My Date With Bill Clinton

Well, with me and about 10000 others this past Saturday.

The organizers had originally anticipated a crowd closer to 25000….

Oops.

I was really looking forward to this. I have heard so many things about his skill as an orator.

 But there was a bit of a cock-up with the seating (I guess there was some tricky manoeuvring that had to be done to account for the lower-than-expected turnout) and the sound system sucked. Of course it didn’t help that he had a frog in his throw the size of Manhattan and he was competing against the (many times transplanted) Virgin Music Fest at the Molson Amphitheatre.

I could deal with all of that but throw in a gaggle of giggling girls behind us who’s first comment when Clinton walked on stage was “Do you need an intern?”….

I kid you not.

I was tempted to pull a big dramatic head turn but restrained myself. If I were wearing my “Sunday Best” hat, white kid gloves and had a Mint Julep in hand, I would have done it for sure.

But how was the speech itself?

In all honesty, I was underwhelmed. Given the circumstances I am not surprised.

Will I see him again?

Yes, but not at an outdoor venue.

You could tell that he very much had Ted Kennedy’s death on his mind- having just flown in by private plane from Kennedy’s mass in Boston. Clinton talked a lot about Kennedy’s drive towards universal health care and the factors holding them back.

Most of what Clinton talked about is stuff we all know but the fact that he says it…. People will listen.

Clinton talked about the need to look for alternate sources of energy but more importantly, we need to look at ways we can save energy. Your reaction may be “Duh” but it is a simple idea that will create a lot of jobs but it is not a sexy one so people don’t talk about it. To reverse climate change we have to figure out how to do it without lowering living standards or hurting the economy.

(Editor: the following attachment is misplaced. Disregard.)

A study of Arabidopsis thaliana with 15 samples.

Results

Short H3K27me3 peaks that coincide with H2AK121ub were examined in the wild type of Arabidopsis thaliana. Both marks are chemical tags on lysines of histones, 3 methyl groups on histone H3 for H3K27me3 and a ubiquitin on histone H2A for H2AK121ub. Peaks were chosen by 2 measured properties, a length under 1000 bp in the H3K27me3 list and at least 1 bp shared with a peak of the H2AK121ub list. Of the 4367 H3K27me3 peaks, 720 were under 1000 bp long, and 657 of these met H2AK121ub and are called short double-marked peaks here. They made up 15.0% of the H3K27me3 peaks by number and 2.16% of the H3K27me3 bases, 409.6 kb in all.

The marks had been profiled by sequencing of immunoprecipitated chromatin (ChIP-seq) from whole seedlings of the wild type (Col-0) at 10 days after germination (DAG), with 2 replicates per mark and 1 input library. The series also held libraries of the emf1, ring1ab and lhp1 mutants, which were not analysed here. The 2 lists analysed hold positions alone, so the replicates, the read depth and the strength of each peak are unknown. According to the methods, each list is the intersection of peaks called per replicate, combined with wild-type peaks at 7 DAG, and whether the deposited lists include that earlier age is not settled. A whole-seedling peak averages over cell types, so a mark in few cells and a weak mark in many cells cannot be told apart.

We have to find a way for all of us to win. Our personal interests are tied to the advancement of the community, whether you realize it or not. I had a conversation about this with a left leaning friend of mine and on this we agree. The entire society is responsible for its success or failure. If people slip through the cracks, that is our fault, not just of the people who are displaced- but that is a topic for another (long) conversation.

Clinton also talked about a more sustainable model to finance charitable foundations which ties in with the idea that everyone can make a contribution and should. You can’t rely on the few big six- or seven-figure donations. What if something like a financial crisis wipes them out? No matter how good the economy is (or bad), how good the government is (or not), there will be gaps and we, as individuals have to step in. Five dollars, $10, $20 can make a difference.

He said something else that really stuck with me. Change is hard but for different reasons. In poor countries, the absence of systems inhibit change while in wealthy countries, our systems inhibit change.

This idea got me thinking- and I am still thinking about it.

I’ll have to dig around the net to see if there is a transcript or a video of the talk. It would be worth the refresher.